The comedy of the summer is Ken Scott’s Starbuck. Co-written by Scott and Martin Petit, this is a comedy with the edge of seriousness that makes comedies great. It’s showing in French in 89 cinemas across Quebec (sometimes with English subtitles), and has succeeded in topping sales of $1 million in its first week.
Popular actor, director, and comedian Patrick
Huard plays David Wozniak, a feckless 42-year-old delivery guy with a pregnant
girlfriend, Valérie (Julie Le Breton), who wants nothing more to do with him, a
grow-up in his apartment, an $80,000 debt to unsavoury characters, and a nasty
visit from thugs.
His next visitor is a bailiff who tells
him he is the father of 533 children, of whom 142 are taking legal action to
learn his identity. Hence the name Starbuck, which was the pseudonym David used
at the fertility clinic where he was a sperm donor as a young man -- Starbuck
having been the name of a sensationally prolific Quebec bull stud. The bailiff
leaves him with an envelope full of biographical information about these
Original enough, even topical, but not, you might think, the most promising idea for a film. I had my doubts, and they lasted through the opening scenes. But then David stops by to chat about the legal case with his long-suffering friend, an inept lawyer (played to perfection by baby-faced Antoine Bertrand), who appears to be in sole charge of four unbiddable children. When one emerges sleepily in his pajamas to join the two men in the back yard, his father tells him to “Go back to bed.” The boy lies down in the sandbox. “Not in the sand. Not in the sand!” his father implores him, to no effect, as the other children drift outdoors.
“I want to be a father,” David
announces improbably. This turns out to be the first sensible thing we ever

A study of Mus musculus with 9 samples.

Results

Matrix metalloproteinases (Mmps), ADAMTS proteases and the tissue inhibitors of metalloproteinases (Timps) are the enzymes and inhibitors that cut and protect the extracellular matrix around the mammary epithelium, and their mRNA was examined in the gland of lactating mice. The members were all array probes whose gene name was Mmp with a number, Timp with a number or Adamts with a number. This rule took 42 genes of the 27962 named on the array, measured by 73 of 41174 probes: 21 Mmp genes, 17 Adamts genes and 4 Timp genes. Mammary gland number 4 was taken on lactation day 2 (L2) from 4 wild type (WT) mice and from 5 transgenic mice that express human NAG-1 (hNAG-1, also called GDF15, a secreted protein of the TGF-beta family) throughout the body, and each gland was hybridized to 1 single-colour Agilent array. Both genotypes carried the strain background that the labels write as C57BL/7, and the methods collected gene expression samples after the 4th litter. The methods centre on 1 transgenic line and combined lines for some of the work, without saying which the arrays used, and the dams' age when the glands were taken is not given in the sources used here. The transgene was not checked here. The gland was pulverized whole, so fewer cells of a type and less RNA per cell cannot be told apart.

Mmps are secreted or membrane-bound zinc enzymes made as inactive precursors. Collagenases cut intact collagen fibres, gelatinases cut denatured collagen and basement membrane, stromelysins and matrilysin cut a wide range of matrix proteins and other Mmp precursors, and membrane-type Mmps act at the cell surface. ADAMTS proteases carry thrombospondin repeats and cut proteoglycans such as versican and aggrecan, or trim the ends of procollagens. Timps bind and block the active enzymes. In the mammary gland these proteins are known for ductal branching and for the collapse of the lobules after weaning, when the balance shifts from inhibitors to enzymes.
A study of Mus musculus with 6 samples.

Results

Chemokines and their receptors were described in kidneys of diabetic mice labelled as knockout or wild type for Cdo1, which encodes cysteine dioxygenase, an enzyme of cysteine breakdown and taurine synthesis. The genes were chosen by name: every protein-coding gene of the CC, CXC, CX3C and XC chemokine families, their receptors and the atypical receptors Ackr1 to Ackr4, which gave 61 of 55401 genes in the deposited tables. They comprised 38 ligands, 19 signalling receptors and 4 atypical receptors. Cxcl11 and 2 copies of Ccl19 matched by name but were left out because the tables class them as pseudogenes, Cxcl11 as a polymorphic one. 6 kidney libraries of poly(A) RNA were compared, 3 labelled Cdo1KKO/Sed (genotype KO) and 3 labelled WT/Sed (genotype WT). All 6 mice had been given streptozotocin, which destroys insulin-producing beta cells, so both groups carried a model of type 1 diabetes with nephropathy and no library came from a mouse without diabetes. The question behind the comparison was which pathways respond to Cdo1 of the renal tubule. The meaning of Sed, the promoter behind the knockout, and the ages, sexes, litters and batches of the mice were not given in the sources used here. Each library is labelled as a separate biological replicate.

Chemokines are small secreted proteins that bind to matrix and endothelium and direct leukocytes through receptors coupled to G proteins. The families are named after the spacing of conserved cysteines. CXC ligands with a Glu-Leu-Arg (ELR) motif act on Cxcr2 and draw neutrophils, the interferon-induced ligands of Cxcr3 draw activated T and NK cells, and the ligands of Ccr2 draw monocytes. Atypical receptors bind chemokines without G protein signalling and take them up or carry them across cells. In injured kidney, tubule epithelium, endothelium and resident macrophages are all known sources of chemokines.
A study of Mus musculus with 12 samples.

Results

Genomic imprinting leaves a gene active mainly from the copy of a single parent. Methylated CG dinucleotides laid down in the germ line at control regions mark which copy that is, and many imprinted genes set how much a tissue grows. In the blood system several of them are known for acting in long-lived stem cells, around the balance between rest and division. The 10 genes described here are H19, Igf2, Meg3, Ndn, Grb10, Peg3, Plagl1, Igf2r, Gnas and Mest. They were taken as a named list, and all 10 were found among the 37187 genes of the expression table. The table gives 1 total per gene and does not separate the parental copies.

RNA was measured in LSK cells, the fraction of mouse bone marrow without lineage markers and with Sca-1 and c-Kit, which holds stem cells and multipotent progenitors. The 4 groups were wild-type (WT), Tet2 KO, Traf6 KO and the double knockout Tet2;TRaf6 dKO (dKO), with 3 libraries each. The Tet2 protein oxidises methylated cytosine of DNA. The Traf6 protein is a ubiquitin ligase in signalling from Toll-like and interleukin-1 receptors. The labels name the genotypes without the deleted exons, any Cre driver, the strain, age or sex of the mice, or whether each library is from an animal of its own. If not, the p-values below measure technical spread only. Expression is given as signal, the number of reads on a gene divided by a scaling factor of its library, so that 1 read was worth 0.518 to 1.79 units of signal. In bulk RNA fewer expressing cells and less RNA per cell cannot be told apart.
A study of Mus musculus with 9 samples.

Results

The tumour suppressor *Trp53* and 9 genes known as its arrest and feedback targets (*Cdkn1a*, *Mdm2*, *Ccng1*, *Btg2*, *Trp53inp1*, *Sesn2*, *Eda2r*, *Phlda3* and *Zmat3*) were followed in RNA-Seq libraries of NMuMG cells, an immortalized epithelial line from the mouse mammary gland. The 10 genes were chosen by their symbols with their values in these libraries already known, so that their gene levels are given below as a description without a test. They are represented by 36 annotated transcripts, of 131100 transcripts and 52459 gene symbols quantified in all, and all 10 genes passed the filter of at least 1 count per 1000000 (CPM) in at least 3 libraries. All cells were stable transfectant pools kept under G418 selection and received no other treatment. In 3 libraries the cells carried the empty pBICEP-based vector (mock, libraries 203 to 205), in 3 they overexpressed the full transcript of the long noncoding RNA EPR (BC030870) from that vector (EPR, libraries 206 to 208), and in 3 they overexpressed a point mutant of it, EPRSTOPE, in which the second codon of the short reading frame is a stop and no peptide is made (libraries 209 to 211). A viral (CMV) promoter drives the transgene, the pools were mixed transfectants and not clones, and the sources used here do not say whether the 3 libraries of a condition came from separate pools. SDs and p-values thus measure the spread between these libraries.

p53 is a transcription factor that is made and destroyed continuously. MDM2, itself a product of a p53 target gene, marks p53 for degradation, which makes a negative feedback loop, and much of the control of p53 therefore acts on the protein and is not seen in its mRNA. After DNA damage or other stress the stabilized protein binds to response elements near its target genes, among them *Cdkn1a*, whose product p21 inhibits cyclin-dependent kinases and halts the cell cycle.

hear him say, even if it doesn’t seem very sensible at first. His friend does
everything in his power to convince David not only that he really would not
want to be a father, but that he isn’t cut out for the job. From everything we
know about David, we have to agree.
We would be wrong. For this is the
moment when comedy becomes simultaneously funniest and most serious. We see how
his engagingly inept friend, who is incapable of getting his children to pay attention
to him, is also the most loving and beloved of fathers. David sees this, too.
This being a film in which the greatest
losers are also the greatest winners, David finds ways of acting as guardian
angel to several of his offspring without revealing he is their biological
father. He makes amends with Valérie, introduces her to his Polish immigrant family.
Only then the thugs take on his father. The closing scenes reveal how the debt
gets paid, Valérie’s baby is born, and David finally admits he is Starbuck.
Funny? Yes, more and more as the story unfolds. Human? Absolutely. Heartwarming? That too. Redemption is heartwarming.
Hats off to Huard for his thoughtful portrayal of David, to Bertrand for making the most of a richly comic role, and to Scott. This is the second feature he has directed, the first being Les doigts croches in 2009, and he wrote the scripts for Le Rocket (2005) and La Grande séduction (2003), my all-time favourite Quebec film.
Shot in French in the village of Harrington Harbour on Quebec’s Lower North Shore, La Grande séduction is being remade in English as Seducing Dr Lewis in the Newfoundland & Labrador village of Champney's this fall, with Scott directing -- and in French and Italian, as well. We’ll be hearing a lot more about Ken Scott.
In the meantime, see Starbuck. (Those of you able to attend TIFF can see it there.) And then see La Grande séduction. You will enjoy Seducing Dr Lewis even more when it comes your way.
Quebec novelist Louis Hamelin is a talented writer with a genuine passion for his cause, but his new book La Constellation du lynx is remarkable as much for what it leaves out as for what it includes.
Part I of the text of a talk prepared for a panel on Publishing Literature in Translation at the Concordia University colloquium Traduire Arabe on Thursday, December 7, 2017.
[Photo: TAAM - TAIM]
Phillip Ernest is a Canadian writer with an extraordinary personal history, as even the briefest version of his bio suggests:
Born in 1970, Phillip Ernest grew up in New Liskeard, Ontario. Fleeing home at fifteen, he lived on Toronto’s skid row until he was twenty-eight. He learned Sanskrit from the book Teach Yourself Sanskrit, and later earned a BA in South Asian Studies from the University of Toronto and a PhD in Sanskrit from Cambridge University. The Vetala (LLP, 2018) is his first novel.
This is Part I of a two-part interview. Part II is here.